1. May 6, 2015 #1
    I could be mistaken here, but I did glean from somewhere (probably the net) that gazing up at the night sky doesn't reveal the full picture about the many faint celestial objects that may be lurking unseen in nearby space - that is to say, the space between the Centauri system and the outer margins of our Oort Cloud. These objects might range from Neptunian gas giants, through to low-mass brown dwarfs, and maybe even one or two extremely dim red dwarfs?

    I mention the above in passing because I would like to know just how far (preferably in terms of AU rather than light-years and parsecs) our most powerful telescopes are able to detect such "nearby" objects. I guess the answer would depend in part on luminosity, albedo and angular size. Nevertheless, I would appreciate some kind of yardstick when when it comes to understanding the current resolving power we can bring to bear on any sizeable object beyond (say) the Kuiper belt.

    Many thanks.
     
  2. jcsd
  3. May 6, 2015 #2
    Our telescopes are capable of observing large objects very far out there. Halley's comet is actually used to perfect methods for finding very faint objects because of it's known orbit. It can be observed everywhere in it's orbit, but it only has a 75 year orbit, and it's really big. There have been a few studies to attempt to rule out any more large players in the solar system. There are no brown dwarfs within 10ly of us, and no Saturn size objects out to at least 10000AU source

    Objects the size of neptune could still be lurking out there, and should be visible to us, we just gotta spot them.
     
  4. May 7, 2015 #3
    Thank you. I had no idea Halley's comet was observable throughout its orbit - likewise that brown dwarfs were rarer in our cosmic neighbourhood than I'd supposed. Nearby space has suddenly become a great deal emptier!
     
  5. May 7, 2015 #4
    If it's any consolation, there could be a number of rogue planets in our neighborhood that aren't detectable yet. :) There are also most likely some more really big objects far out there in the Oort cloud, maybe the size of Neptune, but almost certainly a few more Plutos out there.
     
  6. May 9, 2015 #5
    I agree with newjerseyrunner, that if there were objects larger than the planet Saturn within a few light years of the Sol system, we would have detected them by now. However, I am compelled to point out that there is indeed a brown dwarf binary pair within 10 light years of Earth - Luhman 16AB (WISE 1049−5319), 6.59 light years away.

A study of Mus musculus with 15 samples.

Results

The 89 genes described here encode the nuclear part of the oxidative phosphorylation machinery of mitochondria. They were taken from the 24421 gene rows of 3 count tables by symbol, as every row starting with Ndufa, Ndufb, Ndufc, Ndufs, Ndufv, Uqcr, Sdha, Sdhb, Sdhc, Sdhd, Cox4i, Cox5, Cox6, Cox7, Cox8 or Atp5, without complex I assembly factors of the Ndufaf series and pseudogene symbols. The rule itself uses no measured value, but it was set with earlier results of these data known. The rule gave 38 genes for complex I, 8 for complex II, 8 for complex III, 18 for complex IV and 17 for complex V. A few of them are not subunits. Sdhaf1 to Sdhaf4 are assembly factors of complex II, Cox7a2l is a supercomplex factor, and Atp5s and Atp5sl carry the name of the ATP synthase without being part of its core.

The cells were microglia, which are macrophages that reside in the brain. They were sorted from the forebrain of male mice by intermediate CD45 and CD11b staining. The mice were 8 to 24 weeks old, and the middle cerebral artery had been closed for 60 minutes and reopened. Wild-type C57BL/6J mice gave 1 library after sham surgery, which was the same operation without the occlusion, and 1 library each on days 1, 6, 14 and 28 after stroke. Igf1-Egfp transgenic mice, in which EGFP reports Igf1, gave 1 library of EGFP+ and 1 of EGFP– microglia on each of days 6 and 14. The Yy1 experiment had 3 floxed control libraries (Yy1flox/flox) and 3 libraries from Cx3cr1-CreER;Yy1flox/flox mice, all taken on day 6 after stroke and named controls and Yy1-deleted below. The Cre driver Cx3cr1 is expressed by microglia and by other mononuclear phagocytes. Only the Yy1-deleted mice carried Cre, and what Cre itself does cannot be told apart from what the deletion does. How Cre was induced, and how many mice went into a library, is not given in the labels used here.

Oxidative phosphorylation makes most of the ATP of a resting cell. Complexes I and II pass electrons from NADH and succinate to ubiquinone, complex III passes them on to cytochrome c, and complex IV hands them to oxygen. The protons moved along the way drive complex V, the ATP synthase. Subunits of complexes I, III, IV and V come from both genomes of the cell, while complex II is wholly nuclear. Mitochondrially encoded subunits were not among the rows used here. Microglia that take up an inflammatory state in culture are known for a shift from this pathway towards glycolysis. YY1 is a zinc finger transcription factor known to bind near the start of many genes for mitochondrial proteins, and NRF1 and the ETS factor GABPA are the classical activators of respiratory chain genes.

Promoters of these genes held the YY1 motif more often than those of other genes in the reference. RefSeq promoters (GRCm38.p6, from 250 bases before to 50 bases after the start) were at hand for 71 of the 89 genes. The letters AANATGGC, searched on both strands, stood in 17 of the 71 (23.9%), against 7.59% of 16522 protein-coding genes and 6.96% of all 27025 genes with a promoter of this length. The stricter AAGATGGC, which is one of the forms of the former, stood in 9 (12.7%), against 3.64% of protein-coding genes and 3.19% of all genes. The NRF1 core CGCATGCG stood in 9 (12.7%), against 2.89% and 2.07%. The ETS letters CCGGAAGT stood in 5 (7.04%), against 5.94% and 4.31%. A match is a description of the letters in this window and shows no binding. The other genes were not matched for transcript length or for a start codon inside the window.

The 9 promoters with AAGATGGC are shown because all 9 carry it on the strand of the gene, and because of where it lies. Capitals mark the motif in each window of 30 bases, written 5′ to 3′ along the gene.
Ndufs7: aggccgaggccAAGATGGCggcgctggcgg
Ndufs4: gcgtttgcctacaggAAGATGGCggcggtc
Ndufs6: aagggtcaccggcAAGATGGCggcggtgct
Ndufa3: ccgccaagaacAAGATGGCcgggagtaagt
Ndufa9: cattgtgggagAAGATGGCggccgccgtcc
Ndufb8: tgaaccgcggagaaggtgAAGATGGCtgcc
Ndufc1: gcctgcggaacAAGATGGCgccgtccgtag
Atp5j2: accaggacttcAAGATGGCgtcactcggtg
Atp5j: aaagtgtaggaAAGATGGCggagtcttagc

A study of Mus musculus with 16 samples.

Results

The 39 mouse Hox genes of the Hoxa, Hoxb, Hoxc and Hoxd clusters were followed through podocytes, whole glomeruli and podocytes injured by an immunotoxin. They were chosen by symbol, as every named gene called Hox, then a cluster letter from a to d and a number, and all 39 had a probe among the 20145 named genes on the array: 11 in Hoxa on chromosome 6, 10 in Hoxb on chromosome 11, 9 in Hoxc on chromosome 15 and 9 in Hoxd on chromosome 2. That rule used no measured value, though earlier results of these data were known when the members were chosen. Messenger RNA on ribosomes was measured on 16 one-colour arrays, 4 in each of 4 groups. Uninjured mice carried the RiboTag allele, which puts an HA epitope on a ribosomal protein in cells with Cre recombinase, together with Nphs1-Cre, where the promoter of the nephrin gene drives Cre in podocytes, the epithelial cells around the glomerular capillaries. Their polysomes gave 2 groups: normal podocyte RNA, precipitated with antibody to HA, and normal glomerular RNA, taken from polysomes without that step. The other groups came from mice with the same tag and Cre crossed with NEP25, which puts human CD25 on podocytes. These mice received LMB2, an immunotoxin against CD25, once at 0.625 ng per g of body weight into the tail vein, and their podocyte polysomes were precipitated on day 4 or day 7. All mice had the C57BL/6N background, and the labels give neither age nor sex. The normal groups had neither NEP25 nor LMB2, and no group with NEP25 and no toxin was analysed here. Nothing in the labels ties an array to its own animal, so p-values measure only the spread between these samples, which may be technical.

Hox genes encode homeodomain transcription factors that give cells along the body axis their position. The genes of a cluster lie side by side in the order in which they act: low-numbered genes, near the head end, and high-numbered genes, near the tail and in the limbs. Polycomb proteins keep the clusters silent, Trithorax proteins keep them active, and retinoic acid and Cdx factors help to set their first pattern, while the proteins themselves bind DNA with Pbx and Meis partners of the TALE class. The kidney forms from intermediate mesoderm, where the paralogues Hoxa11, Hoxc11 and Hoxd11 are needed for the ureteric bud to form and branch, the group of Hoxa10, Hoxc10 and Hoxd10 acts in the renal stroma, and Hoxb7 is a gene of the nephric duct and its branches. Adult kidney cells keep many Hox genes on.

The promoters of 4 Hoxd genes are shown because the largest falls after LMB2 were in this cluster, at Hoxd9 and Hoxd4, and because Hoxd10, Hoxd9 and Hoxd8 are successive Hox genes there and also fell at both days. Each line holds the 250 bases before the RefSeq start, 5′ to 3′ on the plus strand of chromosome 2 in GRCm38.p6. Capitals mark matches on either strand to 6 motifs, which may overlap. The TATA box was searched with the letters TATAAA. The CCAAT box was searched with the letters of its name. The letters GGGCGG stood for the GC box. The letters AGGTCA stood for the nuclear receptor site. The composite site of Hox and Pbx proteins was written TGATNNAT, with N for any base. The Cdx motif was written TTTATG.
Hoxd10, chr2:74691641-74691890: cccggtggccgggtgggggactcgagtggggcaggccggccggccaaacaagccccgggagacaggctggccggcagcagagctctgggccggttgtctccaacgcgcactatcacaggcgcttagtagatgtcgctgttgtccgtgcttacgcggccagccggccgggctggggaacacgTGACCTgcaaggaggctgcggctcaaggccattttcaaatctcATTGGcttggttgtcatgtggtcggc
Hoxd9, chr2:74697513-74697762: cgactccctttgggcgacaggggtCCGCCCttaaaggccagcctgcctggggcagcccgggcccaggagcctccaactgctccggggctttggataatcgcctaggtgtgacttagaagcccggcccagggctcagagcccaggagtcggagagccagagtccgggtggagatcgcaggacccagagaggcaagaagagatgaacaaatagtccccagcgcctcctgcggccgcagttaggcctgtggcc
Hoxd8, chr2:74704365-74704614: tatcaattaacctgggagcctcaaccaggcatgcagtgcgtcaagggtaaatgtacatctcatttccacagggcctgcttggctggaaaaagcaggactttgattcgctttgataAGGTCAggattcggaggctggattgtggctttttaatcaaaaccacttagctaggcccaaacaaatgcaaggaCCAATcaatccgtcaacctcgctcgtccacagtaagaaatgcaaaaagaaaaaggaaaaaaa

As newjerseyrunner also pointed out, there are lots of objects that are smaller than the planet Saturn. I have no doubt that there are rogue asteroids/comets and small planets flying around in interstellar space. Our current understanding of solar system formation suggests that the early solar system was extremely chaotic, with Jupiter migrating in its orbit, and even causing Neptune and Uranus to switch orbits. Asteroids and comets were not only flung in towards the inner planets by the gas giants, they were also flung out of the solar system. So think of the Late Heavy Bombardment period, only in reverse with the same number of asteroids/comets being flung outward.

    There are bound to be more objects like 90377 Sedna, which is 524.4 ± 1.0 AU away, has an orbit of ~11,400 years, and has almost the same size as Pluto.
     
    Last edited: May 9, 2015
  7. May 10, 2015 #6
    Just out of interest, how would astronomers detect a Jupiter-sized gas giant at the distances being discussed here? I would imagine that the reflective sunlight coming off them must be so faint as it be practically undetectable. Or would infrared telescopes be able to home in on any heat they might radiate? Then there are gravitational perturbations, I guess - although again I wonder how these 'nudges' might be observable over distances stretching across several thousands of AU.
     
  8. May 10, 2015 #7
    When you are talking about the space between solar systems, there isn't much chance of them being detected by reflected starlight. Infrared would be the only way to detect such objects. Which is precisely what the Wide-field Infrared Survey Explorer (WISE) was designed to do. It was because of WISE that we were able to detect Luhman 16AB.